Despite its small population of 574 inhabitants and its secluded position amidst the vast, barren expanses of Texas, the small town of Groom boasts an assortment of unique features nearly as diverse as its charming community.
Among its attractions are a preserved slice of the legendary Route 66, the inspiration behind Cross Canadian Ragweed’s evocative tune “42 miles”, the imposing seventh-largest freestanding cross on the globe—soaring at a magnificent 190 feet—and an uncanny leaning water tower that tilts at a discomfortingly steep angle.
Nestled in the heart of Groom, Texas, along a stretch of the historic U.S. Route 66, stands a distinctive monument known as the Leaning Tower of Britten. The water tower’s unmistakable slant has turned it into a captivating roadside spectacle and an ornamental landmark capturing the essence of Americana. Occasionally, this remarkable structure is affectionately referred to as the Leaning Tower of Texas, serving as a symbol of the unique spirit and ingenuity of the region.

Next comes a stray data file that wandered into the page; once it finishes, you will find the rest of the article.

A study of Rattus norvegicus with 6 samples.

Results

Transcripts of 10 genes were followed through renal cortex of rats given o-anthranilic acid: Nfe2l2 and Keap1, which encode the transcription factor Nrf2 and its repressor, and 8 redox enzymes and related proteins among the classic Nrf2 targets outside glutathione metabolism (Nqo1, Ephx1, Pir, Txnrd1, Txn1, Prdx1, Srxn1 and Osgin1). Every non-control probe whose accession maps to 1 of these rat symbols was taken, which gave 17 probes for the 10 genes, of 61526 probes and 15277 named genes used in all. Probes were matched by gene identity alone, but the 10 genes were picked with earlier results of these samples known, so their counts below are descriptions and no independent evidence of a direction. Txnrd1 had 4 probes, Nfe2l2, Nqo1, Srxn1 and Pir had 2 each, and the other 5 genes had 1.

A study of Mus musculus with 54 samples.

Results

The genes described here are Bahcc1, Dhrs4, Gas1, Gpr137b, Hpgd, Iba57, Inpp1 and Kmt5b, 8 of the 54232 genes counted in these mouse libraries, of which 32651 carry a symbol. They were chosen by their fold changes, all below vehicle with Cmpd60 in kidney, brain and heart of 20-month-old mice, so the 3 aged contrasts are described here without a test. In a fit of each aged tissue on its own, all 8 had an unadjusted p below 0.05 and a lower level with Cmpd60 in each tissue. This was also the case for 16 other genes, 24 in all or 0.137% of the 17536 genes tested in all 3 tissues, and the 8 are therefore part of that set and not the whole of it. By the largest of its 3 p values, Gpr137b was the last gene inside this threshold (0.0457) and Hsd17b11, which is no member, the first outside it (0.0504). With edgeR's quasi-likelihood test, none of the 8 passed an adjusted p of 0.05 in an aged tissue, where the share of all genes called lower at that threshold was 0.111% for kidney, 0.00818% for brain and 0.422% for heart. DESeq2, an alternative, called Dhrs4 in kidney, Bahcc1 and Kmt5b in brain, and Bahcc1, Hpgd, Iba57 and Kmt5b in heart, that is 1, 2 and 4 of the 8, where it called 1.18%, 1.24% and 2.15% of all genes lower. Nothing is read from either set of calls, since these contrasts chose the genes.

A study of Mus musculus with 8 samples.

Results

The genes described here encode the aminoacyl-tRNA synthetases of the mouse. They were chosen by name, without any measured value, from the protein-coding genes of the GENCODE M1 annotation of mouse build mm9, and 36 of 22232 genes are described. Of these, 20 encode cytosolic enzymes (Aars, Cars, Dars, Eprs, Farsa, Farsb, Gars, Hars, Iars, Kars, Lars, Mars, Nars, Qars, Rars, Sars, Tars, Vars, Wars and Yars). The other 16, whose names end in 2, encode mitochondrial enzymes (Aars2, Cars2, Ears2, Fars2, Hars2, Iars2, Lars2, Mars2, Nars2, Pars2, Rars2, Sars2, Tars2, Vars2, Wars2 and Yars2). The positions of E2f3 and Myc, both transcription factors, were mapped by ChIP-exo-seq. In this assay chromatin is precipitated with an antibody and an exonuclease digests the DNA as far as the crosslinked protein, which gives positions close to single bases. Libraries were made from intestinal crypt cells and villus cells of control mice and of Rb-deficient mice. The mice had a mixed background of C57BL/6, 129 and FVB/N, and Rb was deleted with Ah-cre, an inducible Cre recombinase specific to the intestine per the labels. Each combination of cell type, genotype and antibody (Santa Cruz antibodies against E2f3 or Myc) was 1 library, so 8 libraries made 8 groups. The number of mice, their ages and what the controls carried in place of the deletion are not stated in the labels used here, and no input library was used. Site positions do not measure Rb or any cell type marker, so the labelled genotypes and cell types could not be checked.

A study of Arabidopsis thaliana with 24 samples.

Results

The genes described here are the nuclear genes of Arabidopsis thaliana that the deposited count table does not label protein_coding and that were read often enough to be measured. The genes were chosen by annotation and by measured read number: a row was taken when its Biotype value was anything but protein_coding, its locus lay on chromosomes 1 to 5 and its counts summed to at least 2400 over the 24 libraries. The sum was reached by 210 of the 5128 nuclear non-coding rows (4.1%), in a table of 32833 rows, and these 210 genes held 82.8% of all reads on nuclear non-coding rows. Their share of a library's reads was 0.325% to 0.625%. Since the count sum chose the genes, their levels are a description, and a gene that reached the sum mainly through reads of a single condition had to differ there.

The tower was initially an unremarkable, utilitarian water tower destined for demolition. However, fate intervened in the form of Ralph Britten, a savvy entrepreneur who saw untapped potential in the neglected structure. Britten bought the tower, rescued it from impending destruction, and ingeniously relocated it. The leaning tower then began its second life as a vivid billboard, advertising Britten’s truck stop and tourist information center, the Leaning Tower Truck Stop, capturing the attention of both locals and tourists alike.
Tragedy struck in the mid-1980s when a fierce electrical fire devastated the Leaning Tower Truck Stop. The once bustling hub of activity gradually shuttered its doors, leaving behind a small fraction of its former self. Yet, amidst the ashes, a semblance of its past clung on—a modest truck repair shop that continues to serve the local community to this day.
Canted purposefully at an approximately 10-degree angle, the Leaning Tower of Britten proudly defies gravity, making it an irresistible magnet for tourists. A small gravel road adjacent to the tower offers visitors the opportunity to park their vehicles and immerse themselves in the full visual spectacle of the tower. This spot is often visited by photographers attempting to capture the tower in images.
When the Christmas season descends upon the city of Groom, the local community adorns the top of the tower with a massive, multicolored star, turning the landmark into a festive decoration of holiday cheer. Photographs of the water tower, often bathed in the warm hues of the setting Texan sun or gleaming under the star-studded sky, are a staple in Route 66 photography anthologies, a testament to its iconic status.